Why Comment?

A subject that has created a bit of discussion recently has been to do with comments. With Tim Van Damme removing them completely with the latest design of maxvoltar.com and Sam Brown blogging about the subject just last week I thought I’d reply to a question I was asked last week.

Leaving comments to me just shows my appreciation to the writer. It’s not for linking reasons, or to get my name out there, but I feel it’s a way of thanking the writer or expressing an opinion I have on the subject. Most of us write blog posts in our spare time, and I know personally that I enjoy it when someone leaves a comment. It shows that it interested them, or provoked a response; good or bad. I find that the narrative of comments almost always positively extends the actual article, and if it doesn’t then it usually leads to a healthy debate.

We all read blog posts, possibly hundreds in a week, but how many do you actually comment on? Next time take a minute to leave a comment.

6 thoughts on “Why Comment?

  1. Kirsty Burgoine

    I’d have to agree with you about comments.

    I’m always really chuffed when people comment on my blog, I can tell that people read it from analytics but I like to hear peoples own views. Commenting allows you to do that. Its always interesting to hear somebody elses perspective and to know they care enough about the subject to go to the effort of commenting, to me, makes the effort of writing the post worth it.

  2. Graham Lord

    I think a lot of people may read an article and think “This is a good post, I like what this has to say,” but don’t actually have anything to say about it themselves- or if they do, they don’t bother commenting, because they can’t be assed to return to see everyone else’s comments / replies. That’s usually the stance I take… What would be good is to add a Facebook-style ‘Like’ button, so people can at least give you a thumbs up. It works well on FB.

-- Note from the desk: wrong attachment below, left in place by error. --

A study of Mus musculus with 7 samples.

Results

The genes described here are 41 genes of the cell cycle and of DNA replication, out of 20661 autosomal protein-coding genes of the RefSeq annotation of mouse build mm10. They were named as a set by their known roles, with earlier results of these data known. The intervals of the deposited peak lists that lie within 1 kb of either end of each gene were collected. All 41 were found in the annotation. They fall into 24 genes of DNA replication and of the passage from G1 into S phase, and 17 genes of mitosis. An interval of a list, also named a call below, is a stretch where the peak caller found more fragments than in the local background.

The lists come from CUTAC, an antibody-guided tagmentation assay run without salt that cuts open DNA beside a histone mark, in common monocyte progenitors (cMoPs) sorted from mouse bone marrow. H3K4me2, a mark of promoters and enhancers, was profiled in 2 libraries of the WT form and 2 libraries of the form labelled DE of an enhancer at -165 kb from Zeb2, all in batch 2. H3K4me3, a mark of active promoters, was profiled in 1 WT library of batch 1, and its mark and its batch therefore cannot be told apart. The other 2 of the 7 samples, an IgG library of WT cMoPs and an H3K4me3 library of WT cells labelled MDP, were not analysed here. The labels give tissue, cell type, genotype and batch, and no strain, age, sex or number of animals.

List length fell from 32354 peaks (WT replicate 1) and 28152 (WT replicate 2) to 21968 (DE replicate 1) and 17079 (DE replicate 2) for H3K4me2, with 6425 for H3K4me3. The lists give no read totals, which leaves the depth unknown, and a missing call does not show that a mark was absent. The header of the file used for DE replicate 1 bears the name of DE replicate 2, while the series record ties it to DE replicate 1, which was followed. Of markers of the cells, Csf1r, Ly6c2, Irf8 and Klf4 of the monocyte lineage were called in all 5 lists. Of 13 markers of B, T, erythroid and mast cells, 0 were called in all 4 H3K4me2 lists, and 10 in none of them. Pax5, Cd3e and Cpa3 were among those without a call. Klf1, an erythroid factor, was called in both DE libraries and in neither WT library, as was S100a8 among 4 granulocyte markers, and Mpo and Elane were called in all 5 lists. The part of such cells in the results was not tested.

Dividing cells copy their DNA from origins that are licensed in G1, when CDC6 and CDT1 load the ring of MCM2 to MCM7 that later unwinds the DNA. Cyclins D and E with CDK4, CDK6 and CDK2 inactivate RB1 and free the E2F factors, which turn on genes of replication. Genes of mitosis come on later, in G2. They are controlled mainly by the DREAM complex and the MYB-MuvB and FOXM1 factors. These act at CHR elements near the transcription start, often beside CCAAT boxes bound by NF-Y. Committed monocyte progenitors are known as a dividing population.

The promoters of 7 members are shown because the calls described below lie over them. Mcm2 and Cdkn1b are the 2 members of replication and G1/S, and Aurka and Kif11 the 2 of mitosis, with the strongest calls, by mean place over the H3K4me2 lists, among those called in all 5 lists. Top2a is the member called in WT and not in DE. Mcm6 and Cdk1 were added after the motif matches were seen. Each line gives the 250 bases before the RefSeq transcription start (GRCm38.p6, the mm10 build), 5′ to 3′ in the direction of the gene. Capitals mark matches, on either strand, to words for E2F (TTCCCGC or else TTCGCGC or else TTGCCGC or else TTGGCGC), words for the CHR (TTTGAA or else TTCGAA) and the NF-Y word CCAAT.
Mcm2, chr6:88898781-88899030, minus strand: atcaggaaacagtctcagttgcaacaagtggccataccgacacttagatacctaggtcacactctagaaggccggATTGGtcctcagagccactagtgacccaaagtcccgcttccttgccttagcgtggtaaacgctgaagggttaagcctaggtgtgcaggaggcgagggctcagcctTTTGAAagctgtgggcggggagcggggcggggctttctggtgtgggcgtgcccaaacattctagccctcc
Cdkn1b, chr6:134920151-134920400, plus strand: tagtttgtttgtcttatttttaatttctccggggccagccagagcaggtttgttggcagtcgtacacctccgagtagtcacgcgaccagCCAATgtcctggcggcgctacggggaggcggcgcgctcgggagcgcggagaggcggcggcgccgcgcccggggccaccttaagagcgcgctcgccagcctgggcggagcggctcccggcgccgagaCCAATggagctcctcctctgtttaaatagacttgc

3. Paul Post author

    Thanks for leaving a comment.

    The ‘like’ idea is an interesting one, I might have to implement something like that on this site.

  4. Ollie Parsley

    Comments can also help steer the direction your future blog posts take. So if your talking about server-side code and get 1 comment, but talk about CSS in another and get 5 comments, which direction will you go?

    If there are a small number of comments, being able to subscribe by e-mail (there’s a wordpress plugins for it) that can help keep track of a conversation and keeping bringing you back to the site.

    Those are my first couple of thoughts anyway

    Ollie

  5. Martin Bean

    Ah, yes. The now-infamous Brendan Dawes article. The funny thing is, after that article the traffic to my website spiked nearly seven times the average!

    I think comments are healthy too. As mentioned above, I can look at metrics in my favorite analytics program, but that doesn’t mean anything. They’re just numbers. But to have another human being take the time to write something in response to something you yourself has written, that can be far more satisfying that 1,000 extra page views.

  6. Alex McGibbon

    I agree with you that comments continue the narrative of the article, and people’s responses can ultimately reshape the context of the original article.

    Take for example this article on the daily mail website. The original post is written in the context of a warm hearted human interest story, but the comments reveal that the actions taken by the author were stupid and dangerous. Readers who take the time to read the comments of this post get both sides of the story, so to speak.

    In this scenario, allowing comments on the post has allowed the author to be further educated about the topic they have written, we see examples of this all the time in tutorial posts, where the author presents one way of solving a problem and the audience can then chip in with their own (and sometimes better) solutions.